Sweet Taste of Souls is a 2020 horror feature debut from director Terry Ross, who had previously directed a number of short films, most of which were decidedly not horror. While a background in horror is not a requirement for making a good horror film, it does somewhat come into question when making one that is not so good.

While traveling by van to their next gig, the members of a band struggling to find a “break” stop in at a small-town bakery for a bite to eat and a chance to stretch their legs. While we do see a flyer featuring the band’s name and image, there is nothing present in this film that would make you believe that these kids are in a band. Sure, we see one character strum the same string twice in one scene, but that’s as deep as the presence of music goes in this film. Well, that is, unless you count the film’s painful opening song. If you can make it through that without skipping ahead or turning off the film completely, then you can surely tolerate the rest of it.

Inside the diner, which is known for its award-winning cherry pie, they take notice of the proprietor’s small but odd collection of photographs, all of which were taken by the woman herself. All of the photos feature people in front of plain white backgrounds, generally looking unpleased about having their photo taken. Little do they know that the woman, Loretta (Honey Lauren, who appeared in Vice Academy Parts 4-6, and may have also been a dancer at one point for 70’s/80’s rock group The Tubes), has seemingly magical powers that allow her to trap people in her photo frames just by taking their picture with her camera.

The band draw Loretta’s ire once one of them accidentally knock a photo off of the wall. Although the kids leave the bakery, Loretta is able to essentially teleport them from where they are back to her bakery, albeit now inside one of the woman’s photos. They then spend the remainder of the film trying to free themselves from their imprisonment on the bakery’s wall.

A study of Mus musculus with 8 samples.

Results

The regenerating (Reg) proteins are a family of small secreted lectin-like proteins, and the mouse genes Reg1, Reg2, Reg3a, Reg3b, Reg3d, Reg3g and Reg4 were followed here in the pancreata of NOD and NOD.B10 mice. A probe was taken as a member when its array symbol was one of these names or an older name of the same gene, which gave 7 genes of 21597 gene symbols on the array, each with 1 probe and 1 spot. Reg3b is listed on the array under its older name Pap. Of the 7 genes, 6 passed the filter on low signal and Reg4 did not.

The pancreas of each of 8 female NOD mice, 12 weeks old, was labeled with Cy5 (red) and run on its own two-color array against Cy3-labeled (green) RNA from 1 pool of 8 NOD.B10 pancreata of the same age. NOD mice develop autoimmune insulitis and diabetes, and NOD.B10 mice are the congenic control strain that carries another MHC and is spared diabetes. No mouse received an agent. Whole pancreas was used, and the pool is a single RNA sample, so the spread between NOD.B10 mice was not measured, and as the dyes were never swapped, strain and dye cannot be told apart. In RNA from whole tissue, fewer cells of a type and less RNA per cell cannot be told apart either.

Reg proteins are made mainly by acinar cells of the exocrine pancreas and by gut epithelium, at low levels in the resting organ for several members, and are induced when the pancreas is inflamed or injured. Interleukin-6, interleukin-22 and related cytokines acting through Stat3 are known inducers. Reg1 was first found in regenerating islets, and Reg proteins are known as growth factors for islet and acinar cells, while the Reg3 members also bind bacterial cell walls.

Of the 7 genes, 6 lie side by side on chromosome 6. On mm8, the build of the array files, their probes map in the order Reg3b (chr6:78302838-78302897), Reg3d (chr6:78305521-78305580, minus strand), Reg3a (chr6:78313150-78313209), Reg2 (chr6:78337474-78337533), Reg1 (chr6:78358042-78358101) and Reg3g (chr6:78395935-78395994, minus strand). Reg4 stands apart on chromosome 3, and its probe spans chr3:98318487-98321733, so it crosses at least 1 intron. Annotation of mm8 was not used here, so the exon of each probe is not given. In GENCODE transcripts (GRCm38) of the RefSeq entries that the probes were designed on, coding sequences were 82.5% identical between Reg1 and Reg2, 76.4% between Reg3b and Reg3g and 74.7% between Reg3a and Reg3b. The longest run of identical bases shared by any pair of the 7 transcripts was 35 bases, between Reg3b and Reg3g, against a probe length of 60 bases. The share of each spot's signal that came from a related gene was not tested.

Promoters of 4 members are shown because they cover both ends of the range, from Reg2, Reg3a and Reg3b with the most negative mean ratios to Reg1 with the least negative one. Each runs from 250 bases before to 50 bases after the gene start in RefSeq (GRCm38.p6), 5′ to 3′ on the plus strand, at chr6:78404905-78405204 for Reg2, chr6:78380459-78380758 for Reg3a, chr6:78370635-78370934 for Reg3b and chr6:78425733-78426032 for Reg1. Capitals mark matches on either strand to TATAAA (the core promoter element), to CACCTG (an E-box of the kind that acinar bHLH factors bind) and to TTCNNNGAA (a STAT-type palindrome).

There’s some tension created by band member Nate’s passivity and lack of courage, and his borderline abusive relationship with his best friend (and bandmate), Kyle, who is only present to justify Nate’s growing a backbone in the final act. There’s also a subplot involving the detective father of one of Loretta’s previous abductees attempting to bring the woman down once and for all, but it ultimately adds little to the plot besides creating a convenient distraction in the final confrontation with Loretta.

Sweet Taste of Souls does have some rather clever and fascinating ideas at play, such as the rarely exploited concept/myth of capturing souls via photograph, or how Loretta’s victims are seemingly removed from time and space while trapped within one of the photo frames. Unfortunately, the film is unable to put these pieces together in a manner that is either cohesive or particularly entertaining.

One of the most glaring issues with the film, and one that plagues many modern horror films (particularly those of lower budget), is that the core group of characters are generally quite whiney and unlikable. Quite simply, I just can’t see these people actually being friends, let alone co-existing as a band that is able to work together to create a unique and uniform sound. Then again, it worked for Pink Floyd, so what do I know. Either way, it became difficult to root for these people.

This wouldn’t be a problem if we, the viewer, were actually meant to root for the villian. In a sense, we can, as the evil Loretta is indeed a rather intriguing character. However, the film may spend arguably too much time focusing on a past abusive relationship of her own as the catalyst for Loretta’s corruption and descent into madness, and not enough on the obviously malevolent presence that appears to be the source of Loretta’s powers. Unfortunately, yet again, when the entity does finally manifest itself in a physical form, it is accomplished via a highly unconvincing CGI sequence that (in my opinion) greatly weakens the film. I understand that a lower-budget does frequently mean lower-end special effects, but this was undoubtedly a situation where less would have probably been “more”.

Overall, Sweet Taste of Souls presents some really promising ideas; ideas that may have been better served in a different form of media. In other words, with the space for more and deeper character development, this story would probably make one Hell of a read. However, as a film (at least, in this specific example), Sweet Taste of Souls left a fairly bitter aftertaste.

One final note: For a film that makes such a big deal out of Loretta’s cherry pies, it’s somewhat odd that they do not really factor into the plot at all.

Sweet Taste of Souls was released to streaming outlets earlier this month, on November 1st, 2020. It is available to watch on Amazon Video, DirecTV, InDemand, Vudu, AT&T, FlixFling, and Fandango. While I personally was underwhelmed by the film, you may enjoy it more.